Bishop of Catholic Diocese of Sokoto, Matthew Kukah, has once again lambasted the current administration led by President Muhammadu Buhari.
Recall that Kukah had in December 2020 accused Buhari of turning nepotism into a state policy.
Kukah claimed that there could have been a coup if a non-Northern Muslim President had done a fraction of what Buhari had done since gaining power in 2015.
The cleric also accused the President of institutionalising Northern hegemony by “reducing others in public life to second-class status”.
In his Easter message on Sunday, Kukah compared Nigeria’s current predicament to that of Biblical Israel’s situation that led to the death of Eli, their great high priest.
He said Nigeria had become a massive killing field as both leaders and citizens watched on haplessly.
He said, “Taunted by Boko Haram, ravaged by bandits, kidnappers, armed robbers and other merchants of death across the nation, there is collective fear as to whether Nigeria’s glory is about to depart!
“A thick and suffocating cloud of desperation, despondency, desolation, gloom, and misery hangs in the hot air. We have no message and have no idea how long this will last. Our people seek solace and protection, but frustration and darkness threaten to drown them.”
Bishop Kukah also claimed that the survival of the country as a whole was hanging in the balance, decrying that all the telling signs and warnings were being ignored.
He added, “The very survival of the nation is at stake. The nation is pulling apart. Widespread serious insecurity for long unaddressed has left the sad and dangerous impressions that those who have assumed the duty and authority to secure the nation are either unable or worse, unwilling to take up the responsibilities to their office. Patience is running out. Sadly, all of these warnings are still falling on deaf ears.
“They manufacture consent by creating imaginary enemies, setting citizens against one another by deploying religion, ethnicity, region, and other platforms while appealing to the base emotions of patriotism. We forget the reality that without truth, the throne of power often turns into a cage, and the occupant is turned into a prisoner. In reality, the truth needs neither a judge nor a witness. The truth is its own judge and witness. Without the truth, as the old song says, all else is sinking sand!”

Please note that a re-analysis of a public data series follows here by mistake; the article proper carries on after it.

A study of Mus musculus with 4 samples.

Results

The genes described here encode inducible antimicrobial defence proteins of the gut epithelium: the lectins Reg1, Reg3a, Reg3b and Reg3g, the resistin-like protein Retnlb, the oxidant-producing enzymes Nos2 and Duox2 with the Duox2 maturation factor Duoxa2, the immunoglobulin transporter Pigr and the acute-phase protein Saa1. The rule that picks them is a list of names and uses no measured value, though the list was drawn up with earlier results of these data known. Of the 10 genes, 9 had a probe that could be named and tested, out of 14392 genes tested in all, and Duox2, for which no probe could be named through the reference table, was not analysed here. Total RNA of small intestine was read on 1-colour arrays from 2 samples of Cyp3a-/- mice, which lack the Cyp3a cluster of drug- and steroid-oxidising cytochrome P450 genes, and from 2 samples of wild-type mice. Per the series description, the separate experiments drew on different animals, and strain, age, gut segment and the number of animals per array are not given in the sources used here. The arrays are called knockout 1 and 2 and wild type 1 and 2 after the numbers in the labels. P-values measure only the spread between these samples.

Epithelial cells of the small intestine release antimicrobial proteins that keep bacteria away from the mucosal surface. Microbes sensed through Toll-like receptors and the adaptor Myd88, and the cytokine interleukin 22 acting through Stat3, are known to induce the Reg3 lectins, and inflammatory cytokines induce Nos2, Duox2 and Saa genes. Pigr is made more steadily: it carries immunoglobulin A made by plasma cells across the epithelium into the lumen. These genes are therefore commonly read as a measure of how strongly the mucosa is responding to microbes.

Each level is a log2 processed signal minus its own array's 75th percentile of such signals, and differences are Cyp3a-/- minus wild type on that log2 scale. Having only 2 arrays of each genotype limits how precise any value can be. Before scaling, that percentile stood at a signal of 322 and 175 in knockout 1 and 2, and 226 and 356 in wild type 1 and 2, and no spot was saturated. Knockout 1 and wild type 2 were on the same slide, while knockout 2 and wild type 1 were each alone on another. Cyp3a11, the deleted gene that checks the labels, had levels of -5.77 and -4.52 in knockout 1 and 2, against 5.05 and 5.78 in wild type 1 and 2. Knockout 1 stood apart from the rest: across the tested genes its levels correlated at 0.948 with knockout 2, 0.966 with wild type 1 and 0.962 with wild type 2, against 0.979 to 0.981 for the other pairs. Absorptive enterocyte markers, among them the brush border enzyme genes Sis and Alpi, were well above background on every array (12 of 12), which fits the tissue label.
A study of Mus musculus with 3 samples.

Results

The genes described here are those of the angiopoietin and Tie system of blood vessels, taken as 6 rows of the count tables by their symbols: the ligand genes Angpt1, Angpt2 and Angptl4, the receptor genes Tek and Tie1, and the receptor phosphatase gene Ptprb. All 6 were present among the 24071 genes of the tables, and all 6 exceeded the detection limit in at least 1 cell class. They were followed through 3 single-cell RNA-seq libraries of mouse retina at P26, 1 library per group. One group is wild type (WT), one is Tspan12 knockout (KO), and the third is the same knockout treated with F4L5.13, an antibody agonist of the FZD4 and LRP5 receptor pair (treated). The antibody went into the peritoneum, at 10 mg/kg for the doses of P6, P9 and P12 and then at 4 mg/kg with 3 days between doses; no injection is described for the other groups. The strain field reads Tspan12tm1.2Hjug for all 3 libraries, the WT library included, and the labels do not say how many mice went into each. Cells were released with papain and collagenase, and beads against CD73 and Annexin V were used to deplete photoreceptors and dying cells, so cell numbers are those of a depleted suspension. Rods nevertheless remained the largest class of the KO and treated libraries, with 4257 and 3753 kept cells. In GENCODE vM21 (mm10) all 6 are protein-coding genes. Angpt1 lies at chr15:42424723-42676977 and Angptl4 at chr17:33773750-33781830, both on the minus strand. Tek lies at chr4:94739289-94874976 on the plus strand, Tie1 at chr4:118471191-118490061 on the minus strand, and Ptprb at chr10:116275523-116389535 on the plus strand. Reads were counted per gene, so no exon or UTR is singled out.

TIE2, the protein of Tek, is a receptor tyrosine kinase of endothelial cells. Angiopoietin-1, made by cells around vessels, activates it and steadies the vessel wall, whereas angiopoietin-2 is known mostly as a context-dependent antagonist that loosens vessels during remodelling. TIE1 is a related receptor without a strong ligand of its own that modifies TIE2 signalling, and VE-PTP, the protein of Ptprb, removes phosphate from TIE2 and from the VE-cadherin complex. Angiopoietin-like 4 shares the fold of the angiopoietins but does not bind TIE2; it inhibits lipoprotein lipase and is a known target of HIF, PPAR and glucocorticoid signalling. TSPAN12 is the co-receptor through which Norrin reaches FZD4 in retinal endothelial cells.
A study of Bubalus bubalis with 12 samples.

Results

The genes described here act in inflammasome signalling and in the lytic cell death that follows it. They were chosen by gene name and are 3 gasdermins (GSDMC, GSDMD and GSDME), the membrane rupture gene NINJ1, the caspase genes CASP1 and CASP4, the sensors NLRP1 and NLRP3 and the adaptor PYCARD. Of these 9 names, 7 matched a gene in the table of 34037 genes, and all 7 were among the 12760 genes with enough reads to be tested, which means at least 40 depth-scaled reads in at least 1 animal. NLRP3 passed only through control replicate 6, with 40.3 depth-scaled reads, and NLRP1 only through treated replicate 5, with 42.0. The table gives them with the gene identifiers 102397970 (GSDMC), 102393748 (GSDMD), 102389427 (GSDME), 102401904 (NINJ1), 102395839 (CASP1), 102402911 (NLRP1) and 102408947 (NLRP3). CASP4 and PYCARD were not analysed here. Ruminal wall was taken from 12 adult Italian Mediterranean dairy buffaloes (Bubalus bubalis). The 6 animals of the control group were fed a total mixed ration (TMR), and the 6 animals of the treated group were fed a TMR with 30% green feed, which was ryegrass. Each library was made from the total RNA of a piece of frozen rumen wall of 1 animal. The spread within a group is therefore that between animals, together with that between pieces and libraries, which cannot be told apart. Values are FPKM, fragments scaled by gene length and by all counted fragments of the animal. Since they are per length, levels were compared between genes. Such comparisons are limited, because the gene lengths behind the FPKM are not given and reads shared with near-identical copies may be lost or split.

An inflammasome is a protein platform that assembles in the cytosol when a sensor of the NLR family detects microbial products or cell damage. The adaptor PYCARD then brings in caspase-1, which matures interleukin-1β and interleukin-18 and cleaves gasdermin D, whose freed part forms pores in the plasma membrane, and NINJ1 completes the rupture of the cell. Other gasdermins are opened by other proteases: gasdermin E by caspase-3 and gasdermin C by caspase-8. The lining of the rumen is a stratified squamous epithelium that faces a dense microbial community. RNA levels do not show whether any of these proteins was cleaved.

He said, “Mysteriously, the government is investing billions of naira in rehabilitating so-called Boko Haram repentant members and their other partners in crime in the belief that they want to turn a new leaf. These criminals have waged war against their country, murdered thousands of citizens, destroyed infrastructure and rendered entire families permanently displaced and dislocated. Why should rehabilitating the perpetrator be more important than bringing succour to the victims?
“When kidnapped or killed, victims and their families are left to their wits. They cry alone, bury their loved ones alone. And our government expects us to be patriotic? The victims of violence need empathy, which the dictionary defines as the ability to understand and share the feelings of the other. A critical deficit of empathy on the side of the government makes healing almost impossible for the victims. We have not heard anything about a rehabilitation programme for the thousands of schoolchildren who have been victims of abduction.
“We seem to assume that their return to their schools is sufficient. Left unaddressed, the traumatic effect of their horrors will haunt them for a long time. Tomorrow’s parents, military generals, top security men and women, governors, senators, and ministers will come from today’s pool of traumatised children. The security quandary is the greatest indictment of this government.”
He also recalled Buhari’s statements at his swearing-in on May 29, 2015, highlighting the president’s failure to meet up with expectations.